Media convergence is the ability for multiple media platforms to produce, report and distribute news to a host of audiences by way of numerous media outlets. This is achieved by employing interactive content, cross promotion and content sharing.
An example of media convergence would be the partnering of NPR’s online website with different public radio organizations from across the United States for the production of NPR’s podcasts. NPR gathers content like news, music and commentary from the partnering radio stations and then features them in its podcasts. These podcasts are broken up into a range of topics that include News, Arts, Health, Humor, Politics, and Books and are easily accessible on NPR’s website. By sharing news content and then distributing it in through their individual media platforms, NPR online and the partnering radio organizations exemplify media convergence.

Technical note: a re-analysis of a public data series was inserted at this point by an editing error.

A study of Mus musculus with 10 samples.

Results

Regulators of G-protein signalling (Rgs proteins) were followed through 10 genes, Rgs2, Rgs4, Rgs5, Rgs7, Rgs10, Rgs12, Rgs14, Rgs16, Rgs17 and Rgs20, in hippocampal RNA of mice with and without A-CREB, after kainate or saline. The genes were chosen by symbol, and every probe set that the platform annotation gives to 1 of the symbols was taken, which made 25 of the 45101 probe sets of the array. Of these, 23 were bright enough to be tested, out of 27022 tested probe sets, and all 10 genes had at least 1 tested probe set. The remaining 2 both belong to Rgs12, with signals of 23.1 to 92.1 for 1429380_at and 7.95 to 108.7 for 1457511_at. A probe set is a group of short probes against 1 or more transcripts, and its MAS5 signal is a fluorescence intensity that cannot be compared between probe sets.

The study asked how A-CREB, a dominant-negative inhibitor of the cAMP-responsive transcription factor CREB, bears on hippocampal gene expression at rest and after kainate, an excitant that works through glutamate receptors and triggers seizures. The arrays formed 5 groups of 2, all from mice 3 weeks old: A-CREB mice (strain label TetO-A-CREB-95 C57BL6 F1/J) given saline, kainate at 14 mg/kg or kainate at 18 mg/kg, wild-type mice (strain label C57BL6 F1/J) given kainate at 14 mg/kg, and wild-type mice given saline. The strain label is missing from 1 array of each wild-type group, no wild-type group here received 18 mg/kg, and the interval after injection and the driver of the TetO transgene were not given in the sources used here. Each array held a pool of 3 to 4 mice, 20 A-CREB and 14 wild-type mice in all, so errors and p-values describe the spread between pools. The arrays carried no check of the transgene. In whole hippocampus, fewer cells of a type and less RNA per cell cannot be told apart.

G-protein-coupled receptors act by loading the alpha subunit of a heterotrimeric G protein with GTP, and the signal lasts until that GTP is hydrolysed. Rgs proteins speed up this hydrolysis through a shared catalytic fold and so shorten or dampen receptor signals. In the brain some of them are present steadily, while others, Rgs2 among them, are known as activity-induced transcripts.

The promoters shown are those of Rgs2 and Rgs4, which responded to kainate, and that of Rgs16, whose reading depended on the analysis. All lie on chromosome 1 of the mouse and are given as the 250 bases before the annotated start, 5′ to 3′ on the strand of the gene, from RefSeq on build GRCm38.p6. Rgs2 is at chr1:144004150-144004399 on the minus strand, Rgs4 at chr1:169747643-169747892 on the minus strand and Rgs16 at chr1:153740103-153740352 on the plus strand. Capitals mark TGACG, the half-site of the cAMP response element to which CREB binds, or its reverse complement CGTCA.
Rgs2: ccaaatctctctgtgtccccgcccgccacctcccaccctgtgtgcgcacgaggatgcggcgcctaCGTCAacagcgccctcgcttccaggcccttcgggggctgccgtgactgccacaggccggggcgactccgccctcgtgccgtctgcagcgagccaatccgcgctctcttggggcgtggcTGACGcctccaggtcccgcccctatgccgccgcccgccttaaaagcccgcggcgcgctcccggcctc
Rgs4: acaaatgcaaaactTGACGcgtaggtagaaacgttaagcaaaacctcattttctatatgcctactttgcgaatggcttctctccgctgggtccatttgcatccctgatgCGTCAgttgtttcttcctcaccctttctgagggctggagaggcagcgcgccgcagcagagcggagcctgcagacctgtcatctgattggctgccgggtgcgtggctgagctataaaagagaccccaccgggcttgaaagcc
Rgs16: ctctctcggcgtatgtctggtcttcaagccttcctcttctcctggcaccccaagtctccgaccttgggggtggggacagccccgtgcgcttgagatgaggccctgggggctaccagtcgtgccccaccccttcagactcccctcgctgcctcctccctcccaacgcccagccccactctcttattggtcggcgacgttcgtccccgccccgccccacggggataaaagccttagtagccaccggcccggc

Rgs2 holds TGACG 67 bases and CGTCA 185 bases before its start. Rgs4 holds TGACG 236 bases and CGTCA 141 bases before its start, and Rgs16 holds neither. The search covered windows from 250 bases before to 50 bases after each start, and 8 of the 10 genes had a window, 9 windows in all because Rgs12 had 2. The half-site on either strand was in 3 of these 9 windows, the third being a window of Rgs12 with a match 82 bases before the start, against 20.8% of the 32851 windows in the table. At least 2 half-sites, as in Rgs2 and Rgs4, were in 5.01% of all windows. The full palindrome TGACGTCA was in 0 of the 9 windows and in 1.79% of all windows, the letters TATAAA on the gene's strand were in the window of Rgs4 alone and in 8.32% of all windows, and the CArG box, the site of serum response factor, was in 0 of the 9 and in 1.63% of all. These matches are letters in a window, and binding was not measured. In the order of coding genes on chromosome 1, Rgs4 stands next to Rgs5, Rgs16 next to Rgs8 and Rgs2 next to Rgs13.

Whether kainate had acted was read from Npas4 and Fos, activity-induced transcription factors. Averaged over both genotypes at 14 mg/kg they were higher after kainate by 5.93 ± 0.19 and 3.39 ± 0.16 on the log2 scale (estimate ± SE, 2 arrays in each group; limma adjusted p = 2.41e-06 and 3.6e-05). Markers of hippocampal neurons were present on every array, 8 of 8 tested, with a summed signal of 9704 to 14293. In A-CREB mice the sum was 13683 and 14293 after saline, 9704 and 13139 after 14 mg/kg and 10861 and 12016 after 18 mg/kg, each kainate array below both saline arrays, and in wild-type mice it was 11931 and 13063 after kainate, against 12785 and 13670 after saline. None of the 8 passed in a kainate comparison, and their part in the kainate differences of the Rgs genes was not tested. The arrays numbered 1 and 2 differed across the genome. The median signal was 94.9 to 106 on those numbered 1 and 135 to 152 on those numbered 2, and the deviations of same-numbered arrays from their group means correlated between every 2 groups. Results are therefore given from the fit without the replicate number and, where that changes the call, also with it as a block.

NPR is also an example of a converged media outlet that employs multimedia journalism across multiple media platforms. NPR has a radio station that features live broadcasting, an online website that features online print stories and podcasts, and NPR Mobile, a smartphone application that includes both live radio streaming of its programs, as well as audio and graphics which accompany print news stories. Each of these media platforms share news content, but present and distribute it differently.
Through these varying media outlets, and by way of structural convergence, NPR has made news available to a larger audience when they want it and in the form they want it. NPR is able to deliver the news to a person driving home from work listening to the radio, a person behind their desk browsing the web, or a person walking down the street checking their news through NPR's phone app.